On Thu, May 22, 2008 at 12:21 AM, Brandon Mintern <firstname.lastname@example.org> wrote:
I would like to propose to change the built-in function "object" to
have the following syntax:
Return a new featureless object. object is a base for all new style
classes. It has the methods that are common to all instances of new
I agree this is a useful pattern. One thing I don't like about it is that:
looks very much like
object(x=1, y=2, z=3)
and I probably won't discover I've been given the wrong one until it's too late.
I think it can better addressed by implementing NamedList and NamedDict:
NamedList(typename, fieldnames[, optionalfields[, verbose]])
Returns a new list subclass named typename. The new subclass is used to create list-like objects that have fields accessible by attribute lookup as well as supporting other list operations. Instances of a NamedList may be created using a mixture of positional and keyword arguments. If optionalfields is not true, then the NamedList must always contain at least as many elements as the number of fields. If the NamedDict contains fewer elements than the number of fields, missing fields return None when accessed by attribute (a.third) and raise IndexError when accessed by index (a).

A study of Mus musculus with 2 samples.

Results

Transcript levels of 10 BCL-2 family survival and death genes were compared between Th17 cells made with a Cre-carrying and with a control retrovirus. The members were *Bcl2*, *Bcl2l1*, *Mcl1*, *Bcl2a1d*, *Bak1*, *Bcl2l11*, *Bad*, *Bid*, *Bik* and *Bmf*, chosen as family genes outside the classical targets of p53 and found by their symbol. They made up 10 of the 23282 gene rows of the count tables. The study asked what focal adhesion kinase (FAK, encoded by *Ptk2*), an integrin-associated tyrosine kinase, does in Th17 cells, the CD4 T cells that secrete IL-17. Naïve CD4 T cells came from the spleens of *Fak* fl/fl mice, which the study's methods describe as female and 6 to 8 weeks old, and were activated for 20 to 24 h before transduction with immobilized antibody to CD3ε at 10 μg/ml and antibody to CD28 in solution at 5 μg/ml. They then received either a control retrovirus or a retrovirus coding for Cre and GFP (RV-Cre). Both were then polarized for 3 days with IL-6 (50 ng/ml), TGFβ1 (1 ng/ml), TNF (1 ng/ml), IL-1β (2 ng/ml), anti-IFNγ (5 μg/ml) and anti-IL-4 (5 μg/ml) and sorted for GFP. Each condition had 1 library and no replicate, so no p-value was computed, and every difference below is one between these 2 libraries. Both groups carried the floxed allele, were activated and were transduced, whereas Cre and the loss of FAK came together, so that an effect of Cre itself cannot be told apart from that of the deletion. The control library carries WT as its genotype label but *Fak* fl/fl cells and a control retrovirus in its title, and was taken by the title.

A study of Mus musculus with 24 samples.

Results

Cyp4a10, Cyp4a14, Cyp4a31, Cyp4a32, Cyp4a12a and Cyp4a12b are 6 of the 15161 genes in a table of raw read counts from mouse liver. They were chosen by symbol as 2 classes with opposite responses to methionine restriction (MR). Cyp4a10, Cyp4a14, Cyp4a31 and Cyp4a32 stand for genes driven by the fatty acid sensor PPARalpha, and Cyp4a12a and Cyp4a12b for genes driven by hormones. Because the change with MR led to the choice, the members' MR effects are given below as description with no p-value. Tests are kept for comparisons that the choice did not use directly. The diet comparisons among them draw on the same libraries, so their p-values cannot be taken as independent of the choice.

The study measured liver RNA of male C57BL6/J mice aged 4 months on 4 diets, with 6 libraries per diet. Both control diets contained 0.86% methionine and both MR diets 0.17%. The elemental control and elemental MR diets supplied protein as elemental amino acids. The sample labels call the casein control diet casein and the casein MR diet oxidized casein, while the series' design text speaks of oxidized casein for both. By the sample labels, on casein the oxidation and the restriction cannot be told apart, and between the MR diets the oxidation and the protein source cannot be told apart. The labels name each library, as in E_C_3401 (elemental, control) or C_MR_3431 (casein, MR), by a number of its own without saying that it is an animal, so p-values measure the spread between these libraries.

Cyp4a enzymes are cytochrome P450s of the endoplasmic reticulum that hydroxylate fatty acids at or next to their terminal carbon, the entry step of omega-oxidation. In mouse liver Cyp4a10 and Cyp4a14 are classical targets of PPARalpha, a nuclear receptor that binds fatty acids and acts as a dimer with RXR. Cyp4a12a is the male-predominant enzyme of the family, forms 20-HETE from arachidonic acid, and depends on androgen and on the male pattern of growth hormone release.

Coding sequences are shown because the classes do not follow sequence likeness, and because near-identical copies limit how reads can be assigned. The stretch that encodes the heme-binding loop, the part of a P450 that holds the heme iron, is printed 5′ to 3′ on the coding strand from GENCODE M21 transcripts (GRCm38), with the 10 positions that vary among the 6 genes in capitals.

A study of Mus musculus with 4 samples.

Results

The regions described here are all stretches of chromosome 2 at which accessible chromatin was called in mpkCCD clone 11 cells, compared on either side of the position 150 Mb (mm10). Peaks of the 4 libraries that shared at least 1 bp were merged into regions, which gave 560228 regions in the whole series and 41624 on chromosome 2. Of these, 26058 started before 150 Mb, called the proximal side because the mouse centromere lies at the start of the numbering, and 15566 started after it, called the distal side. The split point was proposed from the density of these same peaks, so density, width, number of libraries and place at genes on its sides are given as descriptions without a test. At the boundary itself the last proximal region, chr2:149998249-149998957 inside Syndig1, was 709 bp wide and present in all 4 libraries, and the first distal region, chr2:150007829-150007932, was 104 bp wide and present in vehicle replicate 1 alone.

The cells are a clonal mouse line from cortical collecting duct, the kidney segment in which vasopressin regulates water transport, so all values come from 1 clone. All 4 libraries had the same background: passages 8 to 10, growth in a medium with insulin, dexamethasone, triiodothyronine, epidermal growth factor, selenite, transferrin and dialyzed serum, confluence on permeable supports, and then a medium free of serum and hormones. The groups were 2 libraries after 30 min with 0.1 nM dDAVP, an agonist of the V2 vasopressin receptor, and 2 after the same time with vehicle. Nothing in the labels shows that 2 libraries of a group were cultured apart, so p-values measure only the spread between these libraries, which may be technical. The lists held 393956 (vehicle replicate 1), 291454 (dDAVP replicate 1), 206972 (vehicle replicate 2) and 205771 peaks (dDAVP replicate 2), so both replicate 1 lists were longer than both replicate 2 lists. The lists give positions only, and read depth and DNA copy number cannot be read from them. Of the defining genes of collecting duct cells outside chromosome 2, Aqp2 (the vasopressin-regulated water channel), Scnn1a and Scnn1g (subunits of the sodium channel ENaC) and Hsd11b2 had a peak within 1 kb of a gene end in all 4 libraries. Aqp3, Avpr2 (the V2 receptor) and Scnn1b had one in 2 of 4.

NamedDict(typename, fieldnames[, optionalfields[, verbose]])
Returns a new dict subclass named typename. The new subclass is used to
create dict-like objects that have fields accessible by attribute
lookup as well as supporting other dict operations. Instances of a NamedDict may be created using keyword arguments only. If optionalfields is not true, then the NamedDict must have a value for every field. If a NamedDict does not contain a field, accessing it returns None when
accessed by attribute (a.x) and raises KeyError when accessed using by key (a['x']).